A Quaker Vision for Political Activism

With the election of Donald J Trump as the next president of the United States, we bring you a repeat of the video interview with Friends Marge Abbott and Noah Baker Merrill, “Why Do Quakers Care About Politics?” You can find the original, along with transcripts and commentary, on QuakerSpeak.

In light of the election results, we have decided to provide unlimited access to Friends Journal content on friendsjournal.org. This includes all articles past and present on our homepage and in our archives. While we cannot provide this benefit indefinitely, it is our hope that you may find solace, strength, and relief in the words and experiences of Quakers around the world.

1 thought on “A Quaker Vision for Political Activism

  1. My own current “prophetic vision” is that someday all nations across the world will elect their governments through Annual General Elections. Modern representative democracy remains my “true religion” (in the Latin sense of the word religio) and I am sorely aware that all religions need annual festivals to inculcate and celebrate their world view. As a to-the-marrow-of-my-bones pacifist, I swoon at the symbolism of the two red lines down the centre of the House of Commons in London, which separates Her Majesty’s loyal Government from Her Majesty’s loyal Opposition. The distance between the two red lines is a symbolic “two broad swords”, meaning swords may clash and sparks may fly… but no-one can physically injure their opponent.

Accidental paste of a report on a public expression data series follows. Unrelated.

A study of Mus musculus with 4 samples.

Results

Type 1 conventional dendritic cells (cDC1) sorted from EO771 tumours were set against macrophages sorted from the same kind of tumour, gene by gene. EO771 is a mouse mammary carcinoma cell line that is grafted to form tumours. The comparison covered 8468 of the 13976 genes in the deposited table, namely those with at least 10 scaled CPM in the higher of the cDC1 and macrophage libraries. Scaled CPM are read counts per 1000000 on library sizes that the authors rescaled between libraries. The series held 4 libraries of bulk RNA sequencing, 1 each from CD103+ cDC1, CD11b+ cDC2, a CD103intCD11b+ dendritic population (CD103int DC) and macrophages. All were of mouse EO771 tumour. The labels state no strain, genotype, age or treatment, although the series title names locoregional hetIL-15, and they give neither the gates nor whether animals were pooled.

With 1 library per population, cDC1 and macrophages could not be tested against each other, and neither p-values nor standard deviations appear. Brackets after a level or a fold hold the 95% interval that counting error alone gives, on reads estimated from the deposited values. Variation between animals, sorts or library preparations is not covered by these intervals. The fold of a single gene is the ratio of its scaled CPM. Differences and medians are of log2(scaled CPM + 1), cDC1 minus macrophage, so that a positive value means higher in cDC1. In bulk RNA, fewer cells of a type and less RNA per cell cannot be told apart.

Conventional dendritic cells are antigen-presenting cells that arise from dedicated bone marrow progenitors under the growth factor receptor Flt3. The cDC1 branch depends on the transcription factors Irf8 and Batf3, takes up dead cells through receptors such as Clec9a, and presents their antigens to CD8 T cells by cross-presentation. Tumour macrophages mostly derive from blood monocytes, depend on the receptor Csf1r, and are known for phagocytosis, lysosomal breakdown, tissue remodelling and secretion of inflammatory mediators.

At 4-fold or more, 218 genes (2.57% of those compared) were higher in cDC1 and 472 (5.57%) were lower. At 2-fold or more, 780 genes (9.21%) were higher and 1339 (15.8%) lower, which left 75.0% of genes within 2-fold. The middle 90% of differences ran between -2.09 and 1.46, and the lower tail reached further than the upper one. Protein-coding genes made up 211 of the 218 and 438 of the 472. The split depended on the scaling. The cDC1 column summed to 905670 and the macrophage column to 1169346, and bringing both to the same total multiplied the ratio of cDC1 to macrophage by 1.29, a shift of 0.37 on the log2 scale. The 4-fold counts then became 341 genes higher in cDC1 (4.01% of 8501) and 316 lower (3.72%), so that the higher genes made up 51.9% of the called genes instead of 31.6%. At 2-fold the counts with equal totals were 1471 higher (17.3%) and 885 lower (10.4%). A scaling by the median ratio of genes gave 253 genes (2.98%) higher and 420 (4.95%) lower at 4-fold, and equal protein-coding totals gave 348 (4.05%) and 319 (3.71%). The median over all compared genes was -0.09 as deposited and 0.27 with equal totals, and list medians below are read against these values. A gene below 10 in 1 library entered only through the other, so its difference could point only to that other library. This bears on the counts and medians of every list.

Besides all the symbolism of Annual General Elections, the practicalities would also force better consensus building, better accountability, better transparency, better long-term planning, better stability. Instead of “pre-election” and “post-election” budgets, we The People would vote on alternate budgets put forward by each party.

    Democracy works because most people agree about most things most of the time (most Bills throughout the world pass through legislatures with overwhelming support – Oppositions do NOT “oppose everything”). With Annual General Elections we The People would be more informed about just WHERE & WHAT disagreements there are, and be able to vote for the party we are most closely aligned to – giving a stronger mandate for change where needed, and/or informing those who want change just how the general populace currently stands.

    And the cost? Well, as we know, the cost of freedom is eternal vigilance. Likewise peace methinks. After the biggest anti-war rallies in history before the 2003 invasion of Iraq, the US, UK & Australian governments still went ahead. That would/could never have occurred if each of those governments had to face an election that year. How much has the war cost us all?

    In Australia, we have built a fairly good House of democracy. Now we need to learn how to maintain it properly. Annual General Elections will usher in a culture of democratic ideals, where differing (but valid) ideas and plans for the future clash – not swords, guns or physical weaponry.